One of your friends is a member of the Reserve Officer Training Corps (ROTC). It is a program whereby students receive financial aid for college by participating in military-type training. They took a very active role in the Vietnam conflict. Their presence at Rutgers led to a strong and vocal opposition. Here are some of the events which occurred while you were at Rutgers.

Document #1

Photograph of Pro-R.O.T.C. Demonstration
Photograph of Pro-R.O.T.C. Demonstration. Rutgers Special Collections and University Archives.
Document #2
Photograph of Anti-R.O.T.C Demonstration
Photograph of Anti-R.O.T.C Demonstration. Rutgers Special Collections and University Archives.
Click on image for text
Mimeo flyer from R.O.T.C. Policy Committee. November 6, 1967. Rutgers Special Collections and University Archives

We are protesting the presence of R.O.T.C. on this campus: We are preventing it from functioning by blocking its building for we feel that it is the only way to induce the Administration into recognizing its obligation to keep our university autonomous and independent of any external control. Dean Flynn has issued summonses to all those participating in the protest charging interference with the freedom of other members of the academic community ("disrupting a university department"). We think that this charge carries implicit in it the assumption that R.O.T.C. has the right to be considered a member of the academic community. We believe that it has no such right, and since the Administration has declared itself to be legally bound and powerless toalter its policy, (see the R.O.T.C. Policy Committee.), this demonstration represents the assumption on the part of the students of the responsibilities which the administration has abdicated

Document #4
Mimeo flyer from Rutgers College Judicial Council. November 9, 1967. Rutgers Special Collections and University Archives.

Disrupting a University Department and preventing the entrance of faculty, staff, and students to the University building at 157 College Avenue on Monday, November 6, 1967.


Disciplinary probation until May 28, 1968, to be implemented through the successful completion of a Special Seminar, "The Roles of Rebellion, Reason and Responsibility in the University" including the preparation of an essay; the Seminar to be under the direction of the Dean of Rutgers College.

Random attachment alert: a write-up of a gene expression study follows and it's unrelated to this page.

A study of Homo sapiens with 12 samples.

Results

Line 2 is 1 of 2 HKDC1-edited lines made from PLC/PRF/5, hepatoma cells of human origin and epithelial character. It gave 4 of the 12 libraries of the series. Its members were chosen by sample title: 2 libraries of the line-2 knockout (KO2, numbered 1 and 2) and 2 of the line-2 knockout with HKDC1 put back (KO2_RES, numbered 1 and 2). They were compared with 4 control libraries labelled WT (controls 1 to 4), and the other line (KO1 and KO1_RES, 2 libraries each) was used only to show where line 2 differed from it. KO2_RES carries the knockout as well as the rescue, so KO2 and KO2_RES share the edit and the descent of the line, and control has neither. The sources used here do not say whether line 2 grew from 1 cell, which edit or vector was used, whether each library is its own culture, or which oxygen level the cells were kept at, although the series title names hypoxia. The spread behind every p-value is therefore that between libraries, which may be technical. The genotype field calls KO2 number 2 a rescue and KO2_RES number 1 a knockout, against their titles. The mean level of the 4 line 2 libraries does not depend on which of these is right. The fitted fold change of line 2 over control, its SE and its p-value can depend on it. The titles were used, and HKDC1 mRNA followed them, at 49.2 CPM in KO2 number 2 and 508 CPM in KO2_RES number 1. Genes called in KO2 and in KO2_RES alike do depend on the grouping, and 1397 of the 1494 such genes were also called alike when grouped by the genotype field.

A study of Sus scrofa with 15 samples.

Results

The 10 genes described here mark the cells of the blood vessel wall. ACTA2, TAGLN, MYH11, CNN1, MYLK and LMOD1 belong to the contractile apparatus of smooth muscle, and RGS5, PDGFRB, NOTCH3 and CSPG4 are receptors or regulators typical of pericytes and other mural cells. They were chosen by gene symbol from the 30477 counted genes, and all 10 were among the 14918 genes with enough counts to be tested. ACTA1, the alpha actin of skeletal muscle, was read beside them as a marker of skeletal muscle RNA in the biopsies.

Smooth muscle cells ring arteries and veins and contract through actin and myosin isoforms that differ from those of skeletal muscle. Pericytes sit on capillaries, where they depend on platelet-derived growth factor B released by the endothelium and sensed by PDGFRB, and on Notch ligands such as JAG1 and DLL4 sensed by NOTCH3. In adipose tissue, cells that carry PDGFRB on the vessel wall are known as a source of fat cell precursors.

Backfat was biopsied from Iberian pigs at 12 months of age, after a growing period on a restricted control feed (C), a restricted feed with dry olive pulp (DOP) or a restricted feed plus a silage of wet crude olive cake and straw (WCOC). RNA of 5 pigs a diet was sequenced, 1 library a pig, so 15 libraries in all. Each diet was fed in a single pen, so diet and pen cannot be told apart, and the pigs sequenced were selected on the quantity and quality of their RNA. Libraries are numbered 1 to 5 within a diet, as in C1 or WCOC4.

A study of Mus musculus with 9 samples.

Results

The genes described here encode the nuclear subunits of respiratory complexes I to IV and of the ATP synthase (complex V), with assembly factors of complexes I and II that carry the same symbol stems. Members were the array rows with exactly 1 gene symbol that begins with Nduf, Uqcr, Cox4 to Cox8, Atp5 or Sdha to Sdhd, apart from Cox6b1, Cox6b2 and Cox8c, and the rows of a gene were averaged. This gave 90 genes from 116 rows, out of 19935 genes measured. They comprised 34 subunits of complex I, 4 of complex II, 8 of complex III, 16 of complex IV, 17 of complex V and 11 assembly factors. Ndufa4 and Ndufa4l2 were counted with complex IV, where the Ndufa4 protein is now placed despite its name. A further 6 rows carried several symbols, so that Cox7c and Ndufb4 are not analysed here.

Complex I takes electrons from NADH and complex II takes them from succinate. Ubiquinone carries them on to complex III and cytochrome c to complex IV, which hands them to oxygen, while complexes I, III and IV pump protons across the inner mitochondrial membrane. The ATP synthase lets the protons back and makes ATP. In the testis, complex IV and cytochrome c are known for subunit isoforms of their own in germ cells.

November 9, 1967
Proclamation by Office of the Mayor, City of New Brunswick. October, 1969. Rutgers Special Collections and University Archives
Proclamation by Office of the Mayor, City of New Brunswick. October, 1969. Rutgers Special Collections and University Archives.

WHEREAS, This year the nation celebrates the 150th anniversary of military training on the college campus and

WHEREAS, the Army Reserve Officers Training Corps, today continues the tradition started in 1819, and

WHEREAS, Army Military Science has been offered to the students at Rutgers University since 1866, and

WHEREAS, tens of thousands of young men who have taken Army ROTC have gone on to serve in the Army in peacetime, in wartime and in times of national emergency, with many giving their lives to preserve our democratic way of life;

NOW, THEREFORE, I, Patricia Q. Sheehan, Mayor of New Brunswick do hereby declare the week of 26 - 31 October, 1969 to be "Army ROTC Week," and I call on the citizens of this city to join me in honoring the Rutgers Army ROTC who have gone on to protect our freedoms at home and abroad in both the active Army and the Army Reserve.

Questions for Discussion

  1. Using all of the pictures and documents, to the best of your ability, reconstruct the events dealing with ROTC at Rutgers University in 1967 - 1969.
  2. Provide at least three arguments for and three arguments against having the ROTC program at Rutgers University.
  3. What position would you have taken regarding this issue? What actions would you have taken? Explain, providing at least three details that allowed you to come to this decision.
  4. The students were penalized by having to take a class called The Roles of Rebellion, Reason, and Responsibility in the University. What topics would you include if you were teaching that class? List at least three.